WASHINGTON (April 17, 2000) – The World Day for Consecrated Life 2001 will be marked in the United States the weekend of February 3-4.
This year's theme will be "Come and See" (John 1:39). It was chosen to emphasize the invitation that institutes of consecrated life hold out to people who feel called to this way of life.
Materials for the occasion will be distributed to dioceses next fall and will include such items as slicks which can be used to make brochures for distribution in parishes and homily helps that link the readings of the day to this event.
The annual celebration is part of an international observance called for by Pope John Paul II to highlight the place of institutes of consecrated life in the Church. Dioceses are urged to plan celebrations in parishes so that the event becomes a teachable moment to educate people in the pews about the significance of the vowed life.
In the United States, the celebration is overseen by the Commission on Religious Life and Ministry, which includes leaders from the National Conference of Catholic Bishops' Committee on Consecrated Life, the Council of Major Superiors of Women Religious, the Conference of Major Superiors of Men and the Leadership Conference of Women Religious.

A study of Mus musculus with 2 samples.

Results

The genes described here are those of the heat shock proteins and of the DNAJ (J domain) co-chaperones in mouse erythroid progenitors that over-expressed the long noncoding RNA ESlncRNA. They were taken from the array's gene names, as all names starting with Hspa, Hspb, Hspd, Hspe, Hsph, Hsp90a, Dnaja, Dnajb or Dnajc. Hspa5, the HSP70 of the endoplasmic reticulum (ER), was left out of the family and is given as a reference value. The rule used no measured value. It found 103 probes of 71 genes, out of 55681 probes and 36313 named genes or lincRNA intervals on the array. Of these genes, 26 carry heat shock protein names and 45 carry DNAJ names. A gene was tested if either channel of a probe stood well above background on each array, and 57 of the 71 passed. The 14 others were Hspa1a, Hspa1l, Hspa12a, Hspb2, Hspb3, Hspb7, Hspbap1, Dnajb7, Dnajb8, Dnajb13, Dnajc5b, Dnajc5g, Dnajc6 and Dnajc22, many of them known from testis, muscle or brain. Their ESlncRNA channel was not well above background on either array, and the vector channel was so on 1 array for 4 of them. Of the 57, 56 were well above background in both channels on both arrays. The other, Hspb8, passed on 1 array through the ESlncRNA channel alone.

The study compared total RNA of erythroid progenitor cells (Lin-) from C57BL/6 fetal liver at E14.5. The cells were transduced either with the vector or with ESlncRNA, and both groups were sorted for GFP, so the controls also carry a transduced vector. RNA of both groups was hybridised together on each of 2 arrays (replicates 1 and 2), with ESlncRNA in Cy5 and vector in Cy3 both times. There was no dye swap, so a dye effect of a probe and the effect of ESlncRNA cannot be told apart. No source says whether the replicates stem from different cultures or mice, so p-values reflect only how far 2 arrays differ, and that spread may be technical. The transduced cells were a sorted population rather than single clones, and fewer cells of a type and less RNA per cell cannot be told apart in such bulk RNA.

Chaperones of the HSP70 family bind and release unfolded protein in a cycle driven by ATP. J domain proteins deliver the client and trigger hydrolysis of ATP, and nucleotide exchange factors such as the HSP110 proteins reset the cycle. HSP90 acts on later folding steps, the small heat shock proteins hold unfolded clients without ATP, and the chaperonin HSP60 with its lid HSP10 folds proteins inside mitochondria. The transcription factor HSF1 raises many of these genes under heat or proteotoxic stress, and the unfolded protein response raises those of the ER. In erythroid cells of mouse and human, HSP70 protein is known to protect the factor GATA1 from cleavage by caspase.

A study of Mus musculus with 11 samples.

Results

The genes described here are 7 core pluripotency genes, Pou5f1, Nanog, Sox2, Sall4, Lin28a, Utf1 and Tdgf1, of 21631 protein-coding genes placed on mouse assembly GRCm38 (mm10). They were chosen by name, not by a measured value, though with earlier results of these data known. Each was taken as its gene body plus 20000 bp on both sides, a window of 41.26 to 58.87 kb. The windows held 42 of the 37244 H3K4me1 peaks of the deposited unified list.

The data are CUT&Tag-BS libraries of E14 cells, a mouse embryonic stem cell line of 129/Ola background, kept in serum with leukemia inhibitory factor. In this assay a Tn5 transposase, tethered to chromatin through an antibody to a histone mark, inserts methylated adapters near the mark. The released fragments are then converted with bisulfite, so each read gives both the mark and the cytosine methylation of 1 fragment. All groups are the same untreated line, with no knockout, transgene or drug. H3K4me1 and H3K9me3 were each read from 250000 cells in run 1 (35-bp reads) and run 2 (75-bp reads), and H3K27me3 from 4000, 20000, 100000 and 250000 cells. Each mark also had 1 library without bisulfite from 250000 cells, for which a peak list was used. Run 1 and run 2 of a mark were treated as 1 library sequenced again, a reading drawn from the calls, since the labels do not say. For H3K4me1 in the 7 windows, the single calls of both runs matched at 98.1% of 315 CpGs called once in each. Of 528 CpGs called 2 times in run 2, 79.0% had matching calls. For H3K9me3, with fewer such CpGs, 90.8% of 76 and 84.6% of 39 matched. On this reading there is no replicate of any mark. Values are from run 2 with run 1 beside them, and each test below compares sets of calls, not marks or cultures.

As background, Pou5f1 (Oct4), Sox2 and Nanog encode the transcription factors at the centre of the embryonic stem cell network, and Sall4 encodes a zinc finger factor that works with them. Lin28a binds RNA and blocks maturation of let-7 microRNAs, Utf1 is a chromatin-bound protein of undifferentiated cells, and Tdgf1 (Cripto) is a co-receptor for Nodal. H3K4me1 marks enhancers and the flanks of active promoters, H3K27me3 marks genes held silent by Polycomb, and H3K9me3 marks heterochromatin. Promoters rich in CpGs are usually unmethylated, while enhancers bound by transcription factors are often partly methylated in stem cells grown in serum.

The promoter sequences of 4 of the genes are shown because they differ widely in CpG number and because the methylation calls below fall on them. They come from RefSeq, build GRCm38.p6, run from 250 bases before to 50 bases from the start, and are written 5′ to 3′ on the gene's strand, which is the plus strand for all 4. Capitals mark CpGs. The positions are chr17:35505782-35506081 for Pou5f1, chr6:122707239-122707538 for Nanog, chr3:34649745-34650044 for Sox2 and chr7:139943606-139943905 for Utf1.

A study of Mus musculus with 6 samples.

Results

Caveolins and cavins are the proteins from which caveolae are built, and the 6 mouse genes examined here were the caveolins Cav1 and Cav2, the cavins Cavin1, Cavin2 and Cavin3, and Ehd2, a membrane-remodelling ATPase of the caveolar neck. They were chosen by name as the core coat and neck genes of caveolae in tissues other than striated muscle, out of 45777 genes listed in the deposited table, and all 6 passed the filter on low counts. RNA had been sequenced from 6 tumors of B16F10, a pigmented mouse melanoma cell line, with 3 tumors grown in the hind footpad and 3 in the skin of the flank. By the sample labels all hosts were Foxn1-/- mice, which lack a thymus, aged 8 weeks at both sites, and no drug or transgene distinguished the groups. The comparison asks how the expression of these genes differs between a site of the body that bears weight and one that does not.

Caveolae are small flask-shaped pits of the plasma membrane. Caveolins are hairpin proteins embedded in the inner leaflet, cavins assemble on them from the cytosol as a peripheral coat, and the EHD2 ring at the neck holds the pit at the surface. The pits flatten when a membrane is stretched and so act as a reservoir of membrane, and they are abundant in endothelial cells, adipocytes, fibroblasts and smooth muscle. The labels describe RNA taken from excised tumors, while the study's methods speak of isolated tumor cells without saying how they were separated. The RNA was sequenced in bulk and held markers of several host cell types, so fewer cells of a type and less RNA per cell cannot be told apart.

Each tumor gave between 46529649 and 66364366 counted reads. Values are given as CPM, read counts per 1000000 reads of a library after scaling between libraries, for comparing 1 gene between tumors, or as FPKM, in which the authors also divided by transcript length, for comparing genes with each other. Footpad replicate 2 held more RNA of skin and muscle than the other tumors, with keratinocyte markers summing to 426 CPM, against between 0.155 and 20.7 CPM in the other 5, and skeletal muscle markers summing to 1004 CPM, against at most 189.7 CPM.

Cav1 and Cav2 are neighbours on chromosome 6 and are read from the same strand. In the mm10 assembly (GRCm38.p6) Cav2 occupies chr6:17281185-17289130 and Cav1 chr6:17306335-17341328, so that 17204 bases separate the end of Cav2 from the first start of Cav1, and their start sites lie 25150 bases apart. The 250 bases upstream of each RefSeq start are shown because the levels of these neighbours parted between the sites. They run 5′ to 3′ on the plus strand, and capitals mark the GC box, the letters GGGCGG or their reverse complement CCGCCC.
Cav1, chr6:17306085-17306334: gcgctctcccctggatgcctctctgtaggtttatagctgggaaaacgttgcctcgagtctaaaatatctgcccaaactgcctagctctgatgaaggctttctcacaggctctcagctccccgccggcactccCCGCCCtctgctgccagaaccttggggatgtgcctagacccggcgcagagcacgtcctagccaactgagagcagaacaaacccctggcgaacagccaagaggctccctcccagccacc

Bishop Joseph J. Gerry, OSB, Chairman of the Consecrated Life Committee, noted the significance of the celebration.
"People who choose to dedicate themselves entirely to the Church through membership in religious institutes and other forms of consecrated life are vital to our world. By their vowed lives they state that there is a world beyond the here and now. The lifestyle is more relevant today than ever before. Their vow of poverty questions contemporary materialism and consumerism. Their vow of chastity holds up the ideal of a selfless love where people are cherished and never used. Their vow of obedience denies the value in any 'me-first' philosophy."
Recent research on attitudes of young Catholics showed that about half of today's Catholic youth see having religious orders of priests, sisters, brothers and monks as essential to their vision of the Catholic faith.